BIRMINGHAM (AFP) - "I've never, ever known it like this," said Brexit Party supporter Peter Stokes-Chapman following a febrile rally in the Midlands, where shifting loyalties point to a looming electoral disaster for Britain's two main parties.
"I've never been so passionate about politics, I've been sucked up by it," fellow Brexit supporter Dave, a 47-year-old floor-layer, added before the rally in Willenhall, a few miles north of Birmingham.
The area voted strongly to leave the EU, and Brexit Party leader Nigel Farage had few problems in whipping up the 1,000-strong crowd ahead of Thursday's (May 23) European Parliament elections, in which he is expected to score a crushing victory.
Meanwhile, the anti-Brexit Liberal Democrats also made major gains in the area in local council elections earlier this month.
The common theme? A massive Brexit-fuelled rejection of the Conservatives and Labour, the two parties which have dominated British politics for over a century.
"I've voted Tory before, I wouldn't vote for either of the main parties again," Baron Weston, 48, said outside the rally.
Former Labour voter Jamindar Hayre, 54, said that on a scale of one to 10, "if 10 is the most angry, I would be on 20 or 30 or 50.
"Everyone is not very happy," he said of Prime Minister Theresa May's handling of Brexit, which was supposed to take place on March 29 and has been delayed twice, with Britain now required to elect MEPs.
Only 20 per cent of voters who backed the Conservatives in the 2017 general election intend to do so on Thursday, with 62 per cent planning to vote for Farage, according to a YouGov poll published last Friday (May 17).
"A change is coming," Brexit Party candidate Katharine Harborne warned at the rally, a reference aimed at fans of TV series "Game of Thrones".
The hit show was inspired by the War of the Roses - the fight for the British crown that ended with the death of King Richard III in the 1485 Battle of Bosworth.
The same Midlands town, around 35 kilometres east of Birmingham, was the scene of another unexpected power shift earlier this month, albeit of less epic and violent proportions.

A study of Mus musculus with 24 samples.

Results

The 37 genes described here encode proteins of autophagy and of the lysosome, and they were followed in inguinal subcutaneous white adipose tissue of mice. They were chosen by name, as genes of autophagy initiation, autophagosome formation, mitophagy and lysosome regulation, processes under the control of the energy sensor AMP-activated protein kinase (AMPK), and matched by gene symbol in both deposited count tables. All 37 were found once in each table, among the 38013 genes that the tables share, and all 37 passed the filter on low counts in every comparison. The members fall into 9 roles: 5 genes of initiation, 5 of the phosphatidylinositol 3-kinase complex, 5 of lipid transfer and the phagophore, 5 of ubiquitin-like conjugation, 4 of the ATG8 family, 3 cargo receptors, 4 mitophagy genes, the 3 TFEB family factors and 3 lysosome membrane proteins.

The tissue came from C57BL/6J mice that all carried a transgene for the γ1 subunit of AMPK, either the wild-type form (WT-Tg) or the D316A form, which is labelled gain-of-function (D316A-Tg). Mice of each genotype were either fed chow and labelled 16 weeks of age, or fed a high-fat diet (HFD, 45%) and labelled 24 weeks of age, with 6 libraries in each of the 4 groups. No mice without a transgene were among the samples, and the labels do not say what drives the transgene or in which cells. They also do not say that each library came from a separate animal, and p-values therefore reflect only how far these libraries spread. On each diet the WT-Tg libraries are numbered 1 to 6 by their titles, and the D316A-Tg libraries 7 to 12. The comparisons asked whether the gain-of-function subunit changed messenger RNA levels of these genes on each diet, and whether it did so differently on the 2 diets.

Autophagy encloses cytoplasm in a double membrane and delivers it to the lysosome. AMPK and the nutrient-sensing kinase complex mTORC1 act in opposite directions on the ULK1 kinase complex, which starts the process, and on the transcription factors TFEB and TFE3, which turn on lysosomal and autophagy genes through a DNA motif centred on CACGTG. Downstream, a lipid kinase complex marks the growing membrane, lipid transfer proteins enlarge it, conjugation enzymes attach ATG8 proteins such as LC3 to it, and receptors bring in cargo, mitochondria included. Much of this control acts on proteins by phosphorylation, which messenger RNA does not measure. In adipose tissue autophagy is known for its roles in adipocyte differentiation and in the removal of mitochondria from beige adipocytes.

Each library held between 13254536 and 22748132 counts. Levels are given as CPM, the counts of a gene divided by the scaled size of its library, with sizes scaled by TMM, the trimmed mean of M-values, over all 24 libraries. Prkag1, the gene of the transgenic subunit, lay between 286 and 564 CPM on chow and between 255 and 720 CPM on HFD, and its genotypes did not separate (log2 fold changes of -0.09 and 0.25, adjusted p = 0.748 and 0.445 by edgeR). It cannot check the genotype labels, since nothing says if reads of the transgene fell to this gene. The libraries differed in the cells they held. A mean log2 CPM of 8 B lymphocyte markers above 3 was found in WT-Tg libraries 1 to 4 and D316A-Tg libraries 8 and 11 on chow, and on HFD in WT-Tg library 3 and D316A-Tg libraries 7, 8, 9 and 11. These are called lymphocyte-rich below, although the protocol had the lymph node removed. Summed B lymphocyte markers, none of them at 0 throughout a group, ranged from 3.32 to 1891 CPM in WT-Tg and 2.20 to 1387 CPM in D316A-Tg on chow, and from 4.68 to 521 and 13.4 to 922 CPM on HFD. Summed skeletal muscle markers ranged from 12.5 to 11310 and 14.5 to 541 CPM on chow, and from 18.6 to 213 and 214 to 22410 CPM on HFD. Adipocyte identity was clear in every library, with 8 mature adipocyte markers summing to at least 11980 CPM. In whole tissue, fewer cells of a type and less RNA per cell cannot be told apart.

Despite being a Leave-supporting constituency, Hinckley and Bosworth elected the Liberal Democrats, whose EU election slogan is "Bollocks to Brexit", in local polls.
"We are the party with momentum," the party's MEP candidate Michael Mullaney said as he pounded the streets of Hinckley.
"People who don't want to see a big victory for the Brexit Party need to coalesce around one party.
"Labour's support has also fallen very heavily here. We are seen as the best alternative," he added.
Labour looks set to pay for its Brexit ambiguity, with predictions that only 35 per cent of their 2017 voters will stick with them on Thursday, while 21 per cent are seen switching to the Liberal Democrats, now running second in some polls.
Mullaney was interrupted on his rounds by well-wisher Fred, 51, who congratulated him on the recent election win.
"I've been Labour but (leader Jeremy) Corbyn's not strong enough," he told Agence France-Presse.
"Farage could have been a temptation at one time, but he doesn't support the National Health Service."
Fred's concerns reveal an unprecedented fluidity in Britain's political landscape.
Brexit Party candidate Martin Daubney, former editor of men's magazine Loaded, told AFP that Brexit had "pushed the reset button" on British politics.
The view was echoed by voters in central Birmingham's Bullring markets, where some stalls were decorated with Brexit Party placards.
"I'm totally confused and let down," said butcher Alan Doherty, 73, in between serving customers.
"We've got a successful country and they are fighting and squabbling, and together they are ruining it," he said, adding that he might even vote for Farage in a general election despite voting to Remain in 2016.
Colleague Dave said it was "definitely" the end of the two-party system, and "I'm very happy about it".
"Abso-definitely-lutely", said florist Anthony Rowe, 52, when asked if he would vote for Farage in a general election, saying Labour and the Conservatives were wrong to rely on age-old loyalties.
"It's not really how the people think anymore," he said.